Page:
In the days following George Floyd's death, Tamika Mallory went to Minneapolis and took to the streets like so many others demanding justice.
But it was her words during a press conference that permeated the country.
"This is a coordinated activity happening across this nation and so we are in a state of emergency. Black people are dying in a state of emergency," Tamika Mallory said during a press conference in Minneapolis.
MALLORY: "It's an unfortunate feeling … I know the Derek Chauvins of the world are many. He's not alone. And we know that because there is a young man who literally had to wait for George Floyd to be killed for there to be attention on his issue when he also experienced the same type of abuse from Derek Chauvin."
Chauvin was recently indicted by a federal grand jury in connection with a 2017 incident where he allegedly struck a teenager "multiple times in the head with a flashlight" and held his knee on the teen's neck while he was ''lying prone, handcuffed, and unresisting."
MALLORY: "The work is so much broader than just George Floyd. George Floyd was a moment that needed to happen so that other people during a pandemic could stop and see."
Floyd's death was the catalyst for what some experts believe to be the largest civil rights demonstration in U.S. history. There were protests in all 50 states, and polls suggest more than 20 million people took the streets in the two weeks following Floyd's death.
But Mallory says the real work lies ahead of her, with people like Ma'Khia Bryant, who was shot and killed by an officer in Columbus, Ohio, while attacking another teen with a knife. Bryant's case hasn't received the same attention nor the same support George Floyd did.
MALLORY: "I went to the funeral for Ma'Khia Bryant because I know that if she was a 'perfect victim,' the seats would have been filled. Everyone would have been there as if it was a concert."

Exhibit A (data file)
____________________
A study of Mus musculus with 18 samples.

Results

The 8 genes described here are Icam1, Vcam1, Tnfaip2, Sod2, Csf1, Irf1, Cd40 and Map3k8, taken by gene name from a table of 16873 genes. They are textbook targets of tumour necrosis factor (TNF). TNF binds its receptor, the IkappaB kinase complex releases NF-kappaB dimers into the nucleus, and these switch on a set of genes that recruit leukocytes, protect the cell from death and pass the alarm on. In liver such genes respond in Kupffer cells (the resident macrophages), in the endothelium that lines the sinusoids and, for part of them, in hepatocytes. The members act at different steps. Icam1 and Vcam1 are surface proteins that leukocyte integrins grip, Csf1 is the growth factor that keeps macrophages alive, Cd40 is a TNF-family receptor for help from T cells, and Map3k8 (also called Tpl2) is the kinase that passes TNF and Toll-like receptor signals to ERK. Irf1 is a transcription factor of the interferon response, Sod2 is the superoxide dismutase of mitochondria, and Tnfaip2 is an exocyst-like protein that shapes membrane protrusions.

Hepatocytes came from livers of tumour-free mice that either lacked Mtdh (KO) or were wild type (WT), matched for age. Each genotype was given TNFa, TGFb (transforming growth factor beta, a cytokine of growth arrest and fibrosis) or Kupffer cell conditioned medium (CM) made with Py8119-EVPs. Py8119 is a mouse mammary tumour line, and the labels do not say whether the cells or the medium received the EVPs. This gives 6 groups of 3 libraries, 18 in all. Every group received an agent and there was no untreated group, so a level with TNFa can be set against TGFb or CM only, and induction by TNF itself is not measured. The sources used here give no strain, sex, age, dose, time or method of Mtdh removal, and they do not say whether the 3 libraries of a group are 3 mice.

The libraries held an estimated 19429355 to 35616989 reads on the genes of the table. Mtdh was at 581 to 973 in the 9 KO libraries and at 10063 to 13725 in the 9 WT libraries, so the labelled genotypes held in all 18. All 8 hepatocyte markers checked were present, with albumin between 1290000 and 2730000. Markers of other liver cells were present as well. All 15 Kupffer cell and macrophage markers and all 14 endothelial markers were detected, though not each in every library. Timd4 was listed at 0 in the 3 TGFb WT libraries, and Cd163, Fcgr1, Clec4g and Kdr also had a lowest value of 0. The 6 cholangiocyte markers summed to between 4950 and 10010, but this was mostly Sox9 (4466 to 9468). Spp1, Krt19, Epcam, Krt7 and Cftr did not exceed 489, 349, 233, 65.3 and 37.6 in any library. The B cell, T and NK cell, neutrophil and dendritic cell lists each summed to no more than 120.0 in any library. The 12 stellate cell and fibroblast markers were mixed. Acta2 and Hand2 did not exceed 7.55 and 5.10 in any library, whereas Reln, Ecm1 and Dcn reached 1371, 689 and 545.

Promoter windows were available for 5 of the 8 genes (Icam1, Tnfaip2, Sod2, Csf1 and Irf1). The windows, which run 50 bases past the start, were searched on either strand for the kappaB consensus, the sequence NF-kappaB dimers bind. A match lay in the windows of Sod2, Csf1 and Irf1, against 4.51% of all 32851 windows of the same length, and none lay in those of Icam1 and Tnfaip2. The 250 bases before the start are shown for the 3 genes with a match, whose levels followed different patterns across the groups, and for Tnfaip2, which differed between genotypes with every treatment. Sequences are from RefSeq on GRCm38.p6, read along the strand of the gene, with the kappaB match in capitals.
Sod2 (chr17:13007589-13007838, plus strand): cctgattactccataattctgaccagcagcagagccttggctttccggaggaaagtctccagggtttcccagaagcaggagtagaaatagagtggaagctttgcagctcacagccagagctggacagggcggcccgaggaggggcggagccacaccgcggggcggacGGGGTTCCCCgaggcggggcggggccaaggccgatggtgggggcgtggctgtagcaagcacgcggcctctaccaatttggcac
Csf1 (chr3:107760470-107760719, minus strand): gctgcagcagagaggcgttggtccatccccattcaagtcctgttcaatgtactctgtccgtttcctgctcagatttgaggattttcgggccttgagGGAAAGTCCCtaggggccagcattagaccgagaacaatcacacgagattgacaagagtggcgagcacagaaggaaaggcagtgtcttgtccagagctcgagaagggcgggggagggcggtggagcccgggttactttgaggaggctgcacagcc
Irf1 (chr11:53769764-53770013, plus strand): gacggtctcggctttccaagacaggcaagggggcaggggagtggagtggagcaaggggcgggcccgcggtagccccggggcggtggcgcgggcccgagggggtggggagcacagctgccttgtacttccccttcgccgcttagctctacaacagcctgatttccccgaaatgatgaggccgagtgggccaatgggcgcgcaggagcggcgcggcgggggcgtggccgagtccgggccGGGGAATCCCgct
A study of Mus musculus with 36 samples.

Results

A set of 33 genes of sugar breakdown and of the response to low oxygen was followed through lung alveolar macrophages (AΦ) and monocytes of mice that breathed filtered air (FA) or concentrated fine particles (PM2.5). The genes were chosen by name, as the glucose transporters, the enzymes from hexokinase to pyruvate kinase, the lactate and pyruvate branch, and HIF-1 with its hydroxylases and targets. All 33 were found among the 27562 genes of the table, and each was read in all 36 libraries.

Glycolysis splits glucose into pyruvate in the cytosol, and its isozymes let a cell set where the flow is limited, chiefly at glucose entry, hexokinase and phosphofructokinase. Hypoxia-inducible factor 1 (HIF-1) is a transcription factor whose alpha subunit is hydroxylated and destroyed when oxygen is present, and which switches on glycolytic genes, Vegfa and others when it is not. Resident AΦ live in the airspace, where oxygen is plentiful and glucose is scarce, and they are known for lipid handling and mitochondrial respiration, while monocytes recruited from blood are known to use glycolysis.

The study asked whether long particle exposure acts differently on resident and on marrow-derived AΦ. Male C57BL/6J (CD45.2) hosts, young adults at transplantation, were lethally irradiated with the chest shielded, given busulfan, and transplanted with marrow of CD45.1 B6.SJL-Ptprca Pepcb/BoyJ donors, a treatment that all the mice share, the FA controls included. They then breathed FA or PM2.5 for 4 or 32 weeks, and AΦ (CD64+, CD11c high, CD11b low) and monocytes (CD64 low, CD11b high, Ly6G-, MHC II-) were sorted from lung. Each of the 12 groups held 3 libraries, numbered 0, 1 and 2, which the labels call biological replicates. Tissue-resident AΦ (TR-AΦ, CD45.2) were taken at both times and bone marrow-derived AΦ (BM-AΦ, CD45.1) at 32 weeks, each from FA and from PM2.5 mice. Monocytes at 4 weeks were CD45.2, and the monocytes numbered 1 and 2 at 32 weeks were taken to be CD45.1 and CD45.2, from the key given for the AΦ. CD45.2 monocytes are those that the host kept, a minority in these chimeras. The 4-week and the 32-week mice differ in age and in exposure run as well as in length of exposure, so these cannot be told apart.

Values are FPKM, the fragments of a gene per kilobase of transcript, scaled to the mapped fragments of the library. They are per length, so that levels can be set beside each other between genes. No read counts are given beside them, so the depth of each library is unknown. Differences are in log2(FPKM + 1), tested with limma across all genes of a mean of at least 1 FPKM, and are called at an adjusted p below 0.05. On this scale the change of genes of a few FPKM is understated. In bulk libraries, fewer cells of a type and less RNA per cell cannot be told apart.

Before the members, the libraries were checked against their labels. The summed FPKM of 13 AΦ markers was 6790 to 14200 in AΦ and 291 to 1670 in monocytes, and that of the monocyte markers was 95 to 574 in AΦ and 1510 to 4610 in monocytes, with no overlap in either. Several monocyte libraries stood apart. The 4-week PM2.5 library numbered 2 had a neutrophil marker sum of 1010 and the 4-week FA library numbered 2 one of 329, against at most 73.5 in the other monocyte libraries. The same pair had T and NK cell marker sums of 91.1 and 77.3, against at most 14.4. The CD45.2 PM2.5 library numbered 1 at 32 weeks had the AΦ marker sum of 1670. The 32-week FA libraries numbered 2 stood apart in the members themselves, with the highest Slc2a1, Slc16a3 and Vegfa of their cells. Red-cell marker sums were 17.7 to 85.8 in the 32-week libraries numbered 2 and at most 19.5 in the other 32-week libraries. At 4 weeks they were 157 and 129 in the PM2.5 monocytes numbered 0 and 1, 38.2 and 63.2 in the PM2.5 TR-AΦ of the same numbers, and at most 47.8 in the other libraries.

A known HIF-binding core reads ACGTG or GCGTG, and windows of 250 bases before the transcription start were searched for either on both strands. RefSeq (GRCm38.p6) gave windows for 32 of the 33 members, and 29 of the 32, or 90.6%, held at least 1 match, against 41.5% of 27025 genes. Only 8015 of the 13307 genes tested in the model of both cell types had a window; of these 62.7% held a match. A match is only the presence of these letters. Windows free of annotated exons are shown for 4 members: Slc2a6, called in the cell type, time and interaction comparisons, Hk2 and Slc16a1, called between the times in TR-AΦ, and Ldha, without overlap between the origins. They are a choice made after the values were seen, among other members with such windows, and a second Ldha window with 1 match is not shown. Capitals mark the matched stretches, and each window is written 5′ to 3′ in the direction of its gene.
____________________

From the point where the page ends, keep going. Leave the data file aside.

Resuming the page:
JAMAL: "So often this 'perfect victim' narrative in police killings goes unspoken, but the truth is there are aspects to George Floyd's murder that made that case palatable for a larger audience. Ma'Khia Bryant doesn't have a lot of those things. How do you go about navigating that?"
MALLORY: "I look at most of it and try to figure out where do we have the best opportunity to use this particular incident, as a part of the larger narrative of what we're fighting for? And I think Ma'Khia Bryant is one of those. I need to make sure that people understand that the same police department that killed your perfect victim killed Ma'Khia, as well."
In Mallory's new book, 'State of Emergency,' she offers potential solutions for addressing police brutality — first among them, defunding police.
MALLORY: "Am I an abolitionist? Absolutely. Do I want to get to a point where there are no police in our communities with guns? Absolutely. Are we there in this very moment? No. Why? Because we've been trained that if a person in your home has a mental health breakdown, you have to call 911. We want to start changing and moving away from that by giving people other resources and tools, but they need money…We need resources to be able to undo all the harm that has been done to our communities."